Updated: Jul 23, 2020

Due to the close proximity of employees in workplaces, it is imperative that employers consider the risks posed by Covid-19 and adhere to the legislative obligations imposed upon them.


1. Isolate the employee from all other employees or communal employee areas;

2. Assess the risk of transmission to other employees whilst the employee was at the workplace by disinfecting all areas of the workplace the employee had access to as well as the employee’s workstation or office;

3. Refer all employees who may be at risk due to having had close contact with the Employee who presented COVID-19 symptoms for screening and take any other appropriate measure to prevent possible transmission;

4. Ensure that the employee is tested or referred to an identified testing site;

5. The employer must report the Covid-19 positive case to the Department of Health and the Department of Employment and Labour:

- The Department of Health can be contacted on its Covid-19 hotline: 0800 02 9999.

- The Department of Labour can be contacted at / (Call

Centre) 0800 843 843 / 041 506 5000.

6. Place the employee on paid sick leave in terms of section 22 of the Basic Conditions of Employment Act, No. 75 of 1997 (“the BCEA”) or if the employee’s sick leave entitlement under the section is exhausted, make application for UIF illness benefits or benefits in terms of the COVID-19 Temporary Employer Employee Relief Scheme (“the TERS”);

7. If there is evidence that the employee contracted COVID-19 as a result of occupational exposure, lodge a claim for compensation in terms of the Compensation for Occupational Injuries and Diseases Act, No. 30 of 1993 (“the OHSA”).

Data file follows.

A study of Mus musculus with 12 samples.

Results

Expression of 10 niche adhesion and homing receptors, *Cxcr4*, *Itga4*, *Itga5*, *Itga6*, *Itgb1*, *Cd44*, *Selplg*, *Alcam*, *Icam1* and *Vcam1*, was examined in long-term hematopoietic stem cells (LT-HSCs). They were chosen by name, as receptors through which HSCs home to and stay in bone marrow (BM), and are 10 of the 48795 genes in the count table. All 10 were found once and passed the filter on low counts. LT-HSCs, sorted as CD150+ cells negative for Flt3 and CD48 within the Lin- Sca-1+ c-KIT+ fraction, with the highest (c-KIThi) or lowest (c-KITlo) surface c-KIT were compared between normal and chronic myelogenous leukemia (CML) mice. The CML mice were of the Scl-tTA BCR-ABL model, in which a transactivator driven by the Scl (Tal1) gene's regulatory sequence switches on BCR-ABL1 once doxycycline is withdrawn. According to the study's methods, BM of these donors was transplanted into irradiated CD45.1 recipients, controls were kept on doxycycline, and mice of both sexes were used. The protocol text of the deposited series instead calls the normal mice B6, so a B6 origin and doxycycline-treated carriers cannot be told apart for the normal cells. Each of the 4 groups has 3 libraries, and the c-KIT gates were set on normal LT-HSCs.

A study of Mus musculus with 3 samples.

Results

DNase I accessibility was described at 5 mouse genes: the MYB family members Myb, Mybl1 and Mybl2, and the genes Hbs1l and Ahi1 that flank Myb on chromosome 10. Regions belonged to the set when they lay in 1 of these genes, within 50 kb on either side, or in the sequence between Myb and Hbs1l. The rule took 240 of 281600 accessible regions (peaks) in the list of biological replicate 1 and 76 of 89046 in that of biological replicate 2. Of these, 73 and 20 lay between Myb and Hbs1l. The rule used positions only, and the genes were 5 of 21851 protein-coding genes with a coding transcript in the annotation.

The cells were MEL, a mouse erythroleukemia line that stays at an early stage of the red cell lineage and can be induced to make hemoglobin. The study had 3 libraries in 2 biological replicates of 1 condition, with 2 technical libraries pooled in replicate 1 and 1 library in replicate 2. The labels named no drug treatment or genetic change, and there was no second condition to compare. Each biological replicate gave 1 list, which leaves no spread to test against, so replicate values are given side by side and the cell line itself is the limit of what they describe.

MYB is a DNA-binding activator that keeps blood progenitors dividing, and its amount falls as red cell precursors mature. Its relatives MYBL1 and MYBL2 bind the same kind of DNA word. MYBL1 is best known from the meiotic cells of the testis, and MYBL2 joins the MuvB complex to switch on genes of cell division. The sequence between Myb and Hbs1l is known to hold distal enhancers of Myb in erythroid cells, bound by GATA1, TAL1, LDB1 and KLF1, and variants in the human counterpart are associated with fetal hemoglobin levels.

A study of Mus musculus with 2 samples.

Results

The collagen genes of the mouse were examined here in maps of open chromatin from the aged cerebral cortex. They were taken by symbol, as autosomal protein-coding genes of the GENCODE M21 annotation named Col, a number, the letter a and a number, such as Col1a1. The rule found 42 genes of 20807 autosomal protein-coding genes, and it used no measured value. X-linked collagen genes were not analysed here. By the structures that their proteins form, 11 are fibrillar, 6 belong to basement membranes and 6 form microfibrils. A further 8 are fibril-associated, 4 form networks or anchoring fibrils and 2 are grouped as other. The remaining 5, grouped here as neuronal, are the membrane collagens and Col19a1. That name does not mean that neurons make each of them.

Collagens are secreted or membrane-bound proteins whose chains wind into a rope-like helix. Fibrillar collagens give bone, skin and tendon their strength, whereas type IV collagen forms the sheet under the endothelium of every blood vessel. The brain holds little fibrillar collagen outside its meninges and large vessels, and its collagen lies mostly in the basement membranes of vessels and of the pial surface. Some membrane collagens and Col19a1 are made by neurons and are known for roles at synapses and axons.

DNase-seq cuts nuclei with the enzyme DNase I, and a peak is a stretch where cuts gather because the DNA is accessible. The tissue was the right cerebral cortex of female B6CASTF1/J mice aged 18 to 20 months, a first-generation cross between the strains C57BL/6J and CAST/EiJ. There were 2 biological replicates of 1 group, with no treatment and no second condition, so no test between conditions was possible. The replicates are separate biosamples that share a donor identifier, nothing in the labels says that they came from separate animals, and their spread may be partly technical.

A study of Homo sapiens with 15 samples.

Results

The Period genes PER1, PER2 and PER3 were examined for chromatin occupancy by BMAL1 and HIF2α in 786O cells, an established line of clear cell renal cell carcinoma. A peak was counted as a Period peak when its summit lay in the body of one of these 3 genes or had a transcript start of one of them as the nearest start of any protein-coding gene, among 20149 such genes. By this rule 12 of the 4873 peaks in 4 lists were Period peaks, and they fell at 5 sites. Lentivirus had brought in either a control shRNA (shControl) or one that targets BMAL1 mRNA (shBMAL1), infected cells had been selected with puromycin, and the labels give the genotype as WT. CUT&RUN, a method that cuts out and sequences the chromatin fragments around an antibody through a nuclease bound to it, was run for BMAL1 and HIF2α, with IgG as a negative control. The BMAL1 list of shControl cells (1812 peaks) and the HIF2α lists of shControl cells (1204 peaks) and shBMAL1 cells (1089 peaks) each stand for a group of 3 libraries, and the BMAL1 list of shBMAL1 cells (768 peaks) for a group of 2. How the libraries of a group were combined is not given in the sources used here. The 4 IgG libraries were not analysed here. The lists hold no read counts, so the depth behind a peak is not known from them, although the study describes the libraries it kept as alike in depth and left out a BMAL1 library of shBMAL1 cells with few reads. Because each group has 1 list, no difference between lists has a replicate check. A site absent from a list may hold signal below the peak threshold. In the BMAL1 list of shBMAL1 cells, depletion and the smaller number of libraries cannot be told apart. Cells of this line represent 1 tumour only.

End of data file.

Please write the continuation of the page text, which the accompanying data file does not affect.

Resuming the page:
According to the National Institute of Communicable Diseases (NICD), a Covid-19 positive employee is deemed to have had “close contact” with someone if he/she had face-to-face contact within 1 metre or was in a closed space with someone for more than 15 minutes. This contact must have occurred whilst the Covid-19 positive employee was still “infectious”, i.e. from 2 days before to 14 days after their symptoms began.


Regulation 20.11.3 of the Government Notice provides that the employer must determine the need to temporarily close the affected work area for decontamination using an incident-based risk assessment with due regard to the Department of Health's Guidelines.

It may not always be necessary to close the immediate workplace, and certainly not the entire workplace, if the employee has had limited access to the building or premises, or limited contact with fellow employees. It would be sufficient, according to the regulations and the OHSA, for the employee to be restricted from entering the workplace.

If the employee is already at the workplace, isolate him/her and provide him/her with a medical facemask and arrange for the employee to be transported to a health facility or an area of self-isolation, in such a manner that does not expose other employees or members of the public to exposure.

Embark upon a decontamination processes and continue to exclude the employee from the workplace until such time as a medical practitioner has certified the employee fit to return to work.

In the interim, provided that the employer is compliant with its statutory obligations in terms of the OHSA directions, and the applicable regulations, it would be entitled to carry on with its operations without having to shut down access to other employees, or to members of the public seeking its services.

Any employees who were ordinarily or actually in contact with the symptomatic employee would need to be screened and monitored and may even be sent on a 14-day precautionary quarantine.

Where possible, the employer should arrange for employees placed in quarantine to work remotely and to the extent that this is not possible, such employees should be placed on sick leave and/or annual leave and/or unpaid leave as provided by the BCEA.


If an employee has been diagnosed with Covid-19 and has been isolated in accordance with the guidelines, an employer may only allow a worker to return to work on the following conditions:

- The employee has completed the mandatory 10 (previously 14) days of self-isolation; or

- The employee has undergone a medical evaluation confirming fitness to work.

The measures set out above are the current legal obligations of the employer, in terms of the OHSA directions and the regulations. It is required that employers adopt these measures when they are confronted with a Covid-19 positive case in the workplace.

Contact our offices on 041 363 6044 or for assistance with all your Labour Law requirements.